What happens to the design of cities, if cars are prohibited from them? Oslo, Norway has begun to tackle that challenge, and is setting a trend for the rest of the world to follow:
Many cities, including Seattle, have invested more heavily into more eco-friendly transportation alternatives, such as bicycling. I have blogged here before about commuting on my electric bicycle, a growing trend here in Seattle as reported recently by the Seattle Times.
Issi Momem speculates about changes that will occur to the design of cities with autonomous cars here:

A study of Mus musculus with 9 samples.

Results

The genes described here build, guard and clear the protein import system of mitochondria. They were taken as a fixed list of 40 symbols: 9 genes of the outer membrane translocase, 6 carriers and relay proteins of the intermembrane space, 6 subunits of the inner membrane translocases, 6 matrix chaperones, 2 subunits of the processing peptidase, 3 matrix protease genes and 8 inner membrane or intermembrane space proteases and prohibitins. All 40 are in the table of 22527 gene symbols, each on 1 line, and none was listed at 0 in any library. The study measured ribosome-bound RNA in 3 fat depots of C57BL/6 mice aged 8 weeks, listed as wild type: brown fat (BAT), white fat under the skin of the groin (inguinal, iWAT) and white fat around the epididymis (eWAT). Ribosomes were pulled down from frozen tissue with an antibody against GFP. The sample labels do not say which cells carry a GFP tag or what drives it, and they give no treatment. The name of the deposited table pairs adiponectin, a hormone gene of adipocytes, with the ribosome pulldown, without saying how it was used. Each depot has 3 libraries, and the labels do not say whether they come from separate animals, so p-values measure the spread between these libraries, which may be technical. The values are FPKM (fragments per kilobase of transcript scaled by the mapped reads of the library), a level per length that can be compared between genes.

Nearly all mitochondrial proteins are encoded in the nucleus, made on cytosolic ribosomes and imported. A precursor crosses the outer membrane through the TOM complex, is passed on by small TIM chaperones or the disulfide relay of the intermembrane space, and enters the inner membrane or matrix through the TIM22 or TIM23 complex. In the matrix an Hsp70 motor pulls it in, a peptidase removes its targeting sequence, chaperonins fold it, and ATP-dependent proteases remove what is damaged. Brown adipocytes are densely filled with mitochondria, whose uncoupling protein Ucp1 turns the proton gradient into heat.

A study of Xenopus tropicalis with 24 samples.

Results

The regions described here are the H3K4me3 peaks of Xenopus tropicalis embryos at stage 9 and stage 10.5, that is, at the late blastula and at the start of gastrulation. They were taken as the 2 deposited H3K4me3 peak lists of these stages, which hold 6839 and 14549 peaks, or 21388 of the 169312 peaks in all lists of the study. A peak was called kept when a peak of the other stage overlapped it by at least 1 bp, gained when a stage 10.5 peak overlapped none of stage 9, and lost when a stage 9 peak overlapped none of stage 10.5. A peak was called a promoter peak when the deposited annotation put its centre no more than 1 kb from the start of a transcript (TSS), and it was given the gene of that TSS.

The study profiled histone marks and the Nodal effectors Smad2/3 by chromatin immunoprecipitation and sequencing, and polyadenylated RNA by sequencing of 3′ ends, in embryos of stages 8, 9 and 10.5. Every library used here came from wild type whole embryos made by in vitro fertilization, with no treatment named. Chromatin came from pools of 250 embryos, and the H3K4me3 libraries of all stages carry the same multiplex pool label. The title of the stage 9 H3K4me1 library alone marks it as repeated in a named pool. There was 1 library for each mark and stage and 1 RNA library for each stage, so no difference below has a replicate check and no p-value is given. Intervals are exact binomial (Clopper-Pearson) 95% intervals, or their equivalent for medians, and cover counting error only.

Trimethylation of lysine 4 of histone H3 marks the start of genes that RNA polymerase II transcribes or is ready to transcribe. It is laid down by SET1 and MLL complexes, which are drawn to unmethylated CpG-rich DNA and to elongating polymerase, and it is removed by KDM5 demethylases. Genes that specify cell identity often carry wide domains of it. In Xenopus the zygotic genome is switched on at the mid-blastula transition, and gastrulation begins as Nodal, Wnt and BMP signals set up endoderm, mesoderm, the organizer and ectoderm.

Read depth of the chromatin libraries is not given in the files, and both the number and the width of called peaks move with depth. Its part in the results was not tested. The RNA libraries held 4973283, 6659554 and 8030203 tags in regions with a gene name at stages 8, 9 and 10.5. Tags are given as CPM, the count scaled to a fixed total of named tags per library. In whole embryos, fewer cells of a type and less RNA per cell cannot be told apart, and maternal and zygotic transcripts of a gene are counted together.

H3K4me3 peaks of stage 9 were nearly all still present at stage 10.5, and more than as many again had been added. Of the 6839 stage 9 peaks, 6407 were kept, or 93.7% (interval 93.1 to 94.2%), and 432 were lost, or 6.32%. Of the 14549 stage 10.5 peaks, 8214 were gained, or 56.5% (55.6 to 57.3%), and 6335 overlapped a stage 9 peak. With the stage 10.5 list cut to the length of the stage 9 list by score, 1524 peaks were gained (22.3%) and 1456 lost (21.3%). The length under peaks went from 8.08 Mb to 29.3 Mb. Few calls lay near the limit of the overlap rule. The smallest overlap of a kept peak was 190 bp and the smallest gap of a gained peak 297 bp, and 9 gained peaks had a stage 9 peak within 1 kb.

- Cities will greatly expand, again: Faster and more efficient transportation will convert locations that are currently too remote for most users into feasible alternatives, abundant with space. Like suburban rail in the early twentieth century and the mass consumer automobile that followed, driverless cars will generate a gradual, but dramatic expansion of cities.
- Buildings and parking will be uncoupled, freeing up valuable land: After dropping off passengers, driverless cars will independently seek parking (or their next car-share customers) and they will show up for the return ride at the tap of an app. As soon as driverless cars are common enough, the demand for adjacent parking will dwindle and parking lots in areas where land is sufficiently valuable will be ripe for conversion to other land use. As parking in high-value areas is thinned out or altogether purged, the micro-structure of cities will change – you guessed it – dramatically!